Saturday, November 5, 2011

Treat Yo Self

On a TV show I was recently watching, two of the characters engage in a yearly event called Treat Yourself (or Treat Yo Self). Basically, they spend an entire day pampering themselves. They buy themselves whatever clothes they want, go to a spa, buy a batman costume, etc.

I loved that idea and it made me realize how rarely I do treat myself, even in small ways. While I hardly live in poverty, I am rarely willing to buy myself something in any way extravagant or even a little pricey. Maybe it's my upbringing by two very money-conscious parents.

For example, I was recently at Payless (the height of shoe fashion) buying my daughter some new shoes because I could literally see her little toes sticking out of the soles of her old ones. After we tried on every size 13 children's shoes in the store, Mel picked out a pair that was acceptable. Then I remembered that I needed some boots for the upcoming winter, so I decided to check out the selection.

I found a nice pair of boots that was exactly what I wanted. They were comfortable, stylish, and boots that I could wear at work without looking unprofessional, saving me the trouble of having to change shoes at work. But the thing is, I already have two pairs of boots. One is some ultra warm gigantic snow boots that I wore in the days that I lived within walking distance of work, and the other is a pair of waterproof black boots that smell really bad inside. (Yes, I tried baking soda. They still smell.)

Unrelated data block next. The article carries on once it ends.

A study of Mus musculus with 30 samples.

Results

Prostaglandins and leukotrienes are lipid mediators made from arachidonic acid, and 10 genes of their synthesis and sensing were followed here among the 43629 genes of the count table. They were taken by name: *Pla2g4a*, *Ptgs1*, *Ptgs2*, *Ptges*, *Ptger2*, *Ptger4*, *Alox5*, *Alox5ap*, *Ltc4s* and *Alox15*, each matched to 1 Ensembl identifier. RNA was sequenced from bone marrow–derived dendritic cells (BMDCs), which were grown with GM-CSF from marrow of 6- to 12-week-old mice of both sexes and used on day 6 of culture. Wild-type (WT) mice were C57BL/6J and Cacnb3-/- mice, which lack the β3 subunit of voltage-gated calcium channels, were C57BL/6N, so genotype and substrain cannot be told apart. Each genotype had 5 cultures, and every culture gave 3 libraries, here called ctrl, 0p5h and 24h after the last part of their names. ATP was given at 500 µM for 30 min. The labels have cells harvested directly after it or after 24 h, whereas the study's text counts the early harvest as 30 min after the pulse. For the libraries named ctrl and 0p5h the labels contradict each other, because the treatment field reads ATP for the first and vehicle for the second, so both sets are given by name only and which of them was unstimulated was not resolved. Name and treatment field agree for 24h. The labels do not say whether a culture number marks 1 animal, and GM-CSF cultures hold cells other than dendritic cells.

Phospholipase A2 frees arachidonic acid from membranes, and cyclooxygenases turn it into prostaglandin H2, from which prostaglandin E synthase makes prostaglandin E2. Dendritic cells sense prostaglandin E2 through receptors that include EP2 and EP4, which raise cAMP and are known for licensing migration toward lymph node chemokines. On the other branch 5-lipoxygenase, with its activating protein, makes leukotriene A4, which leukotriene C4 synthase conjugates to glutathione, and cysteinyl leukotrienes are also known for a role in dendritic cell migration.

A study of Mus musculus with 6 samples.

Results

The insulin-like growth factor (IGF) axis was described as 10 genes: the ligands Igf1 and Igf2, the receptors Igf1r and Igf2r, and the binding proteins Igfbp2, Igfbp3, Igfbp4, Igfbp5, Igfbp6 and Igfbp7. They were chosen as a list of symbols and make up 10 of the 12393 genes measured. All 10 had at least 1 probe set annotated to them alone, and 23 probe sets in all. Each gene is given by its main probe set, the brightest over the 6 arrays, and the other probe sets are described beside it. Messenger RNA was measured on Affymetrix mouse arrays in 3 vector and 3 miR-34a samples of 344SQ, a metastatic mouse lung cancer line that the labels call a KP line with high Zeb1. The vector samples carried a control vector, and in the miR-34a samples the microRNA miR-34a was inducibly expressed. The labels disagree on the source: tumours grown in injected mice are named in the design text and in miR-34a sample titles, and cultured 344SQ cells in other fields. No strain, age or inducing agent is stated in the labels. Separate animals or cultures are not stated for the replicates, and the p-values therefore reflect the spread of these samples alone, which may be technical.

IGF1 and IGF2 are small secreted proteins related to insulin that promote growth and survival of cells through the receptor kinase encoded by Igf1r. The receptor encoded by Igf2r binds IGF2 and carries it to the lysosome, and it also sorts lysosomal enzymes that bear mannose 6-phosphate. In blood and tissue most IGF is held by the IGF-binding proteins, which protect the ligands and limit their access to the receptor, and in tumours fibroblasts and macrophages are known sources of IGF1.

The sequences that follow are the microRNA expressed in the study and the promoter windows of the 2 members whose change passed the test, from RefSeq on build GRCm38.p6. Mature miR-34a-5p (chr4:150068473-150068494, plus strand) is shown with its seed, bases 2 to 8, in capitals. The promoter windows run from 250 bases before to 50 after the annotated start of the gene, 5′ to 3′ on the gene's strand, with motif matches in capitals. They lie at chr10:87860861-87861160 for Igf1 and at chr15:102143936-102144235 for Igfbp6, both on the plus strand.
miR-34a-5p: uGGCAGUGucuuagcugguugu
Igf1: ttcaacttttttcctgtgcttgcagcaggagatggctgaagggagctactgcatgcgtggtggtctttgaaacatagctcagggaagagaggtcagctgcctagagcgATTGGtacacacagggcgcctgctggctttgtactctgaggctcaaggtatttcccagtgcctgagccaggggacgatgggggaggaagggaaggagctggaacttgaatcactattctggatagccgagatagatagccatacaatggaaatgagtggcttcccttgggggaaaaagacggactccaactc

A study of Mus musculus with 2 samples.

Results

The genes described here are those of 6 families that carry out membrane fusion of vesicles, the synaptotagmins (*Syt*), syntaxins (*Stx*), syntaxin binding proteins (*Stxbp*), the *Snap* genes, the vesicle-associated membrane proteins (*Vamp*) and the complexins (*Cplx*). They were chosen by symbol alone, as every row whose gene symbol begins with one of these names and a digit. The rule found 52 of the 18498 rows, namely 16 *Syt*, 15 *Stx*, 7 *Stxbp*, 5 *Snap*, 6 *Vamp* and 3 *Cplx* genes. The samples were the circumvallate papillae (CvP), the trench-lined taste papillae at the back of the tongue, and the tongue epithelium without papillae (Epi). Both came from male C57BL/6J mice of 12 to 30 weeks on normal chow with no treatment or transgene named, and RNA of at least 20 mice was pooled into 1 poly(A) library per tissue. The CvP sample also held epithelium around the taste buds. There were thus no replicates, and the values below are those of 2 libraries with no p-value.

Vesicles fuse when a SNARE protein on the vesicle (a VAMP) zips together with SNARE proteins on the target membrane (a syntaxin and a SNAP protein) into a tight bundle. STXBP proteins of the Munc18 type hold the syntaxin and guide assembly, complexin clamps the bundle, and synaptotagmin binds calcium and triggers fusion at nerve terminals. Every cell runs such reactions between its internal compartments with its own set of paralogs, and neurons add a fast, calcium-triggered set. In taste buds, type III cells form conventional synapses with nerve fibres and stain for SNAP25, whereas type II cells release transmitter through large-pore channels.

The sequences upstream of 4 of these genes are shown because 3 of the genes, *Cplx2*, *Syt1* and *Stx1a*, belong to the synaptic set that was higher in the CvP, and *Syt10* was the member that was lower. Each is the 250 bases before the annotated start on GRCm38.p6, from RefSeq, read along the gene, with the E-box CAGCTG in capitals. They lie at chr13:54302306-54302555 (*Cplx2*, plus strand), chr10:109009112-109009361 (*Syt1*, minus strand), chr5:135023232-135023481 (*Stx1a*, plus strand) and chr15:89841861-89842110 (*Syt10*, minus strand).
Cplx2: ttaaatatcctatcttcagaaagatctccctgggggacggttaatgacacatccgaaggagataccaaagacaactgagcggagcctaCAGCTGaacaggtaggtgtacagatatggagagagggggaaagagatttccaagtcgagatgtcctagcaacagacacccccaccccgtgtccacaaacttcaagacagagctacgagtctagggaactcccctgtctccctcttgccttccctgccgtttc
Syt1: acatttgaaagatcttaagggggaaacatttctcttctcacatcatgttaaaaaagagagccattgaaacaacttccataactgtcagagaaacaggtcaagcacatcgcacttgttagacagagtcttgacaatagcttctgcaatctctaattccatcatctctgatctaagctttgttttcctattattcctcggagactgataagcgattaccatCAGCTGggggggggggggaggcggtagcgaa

So the new boots were a reasonable purchase. But I had to sit there for several minutes (while my daughter pranced around in a pair of size 6 leopard pumps), trying to justify to myself buying $45 boots when I already have two pairs of boots. I reminded myself that sometimes we spend $45 on a meal. I reminded myself that Carrie Bradshaw spent $40,000 on shoes and $45 is actually pretty cheap for shoes. So I bought the boots.

Clearly, I have trouble with treating myself. I wish I could just let go sometimes and get myself something nice without feeling guilty about it.

How about you? What do you do to treat yourself?

13 comments:

  1. much to my parents' dismay I have no issues shopping.
    These days allowing myself to read something other than Cecil's medicine is an indulgence- but last night, I indulged, and it was wonderful.
    ps- I'm glad you got the boots :)


    2. I'm the same way. I'm a med student with TONS of loans, so everytime I think about buying something for myself I just think about how astronomical my loan payments are going to be already. I wish I could just not worry about it, but it's so tough.







    I know what you mean, completely. I make comfortable money (not rich, but ample), but with 5 kids and a stay-at-home husband, things still feel tight. When I was a resident and had fewer kids, I did a LOT of thrift shopping and ebay-hunting and we got fantastic deals on good quality, brand name merchandise.

    Now my time is so much more valuable to me, but I still feel like it's "treating myself" when I buy full-price Lands End snowpants (for the kids!) online (plus shipping!) instead of making the trek to the Salvation Army. Or when I buy all the kids' school clothes at once, in one place, instead of driving to three stores and taking advantage of a bunch of sales and discounts.

    I *did* buy myself some boots on a whim the last time I was out shopping, though, so maybe I'm making some progress. Of course, I was grocery shopping and this was at a Super Target, but it still counts, right?

    50$ for 25 home made cupcakes. Selling point - they will be delivered to my son's school on his birthday. Last night I watched a movie instead of board preparation (my husbund took kids to music concert to let me study). So, gulity I am.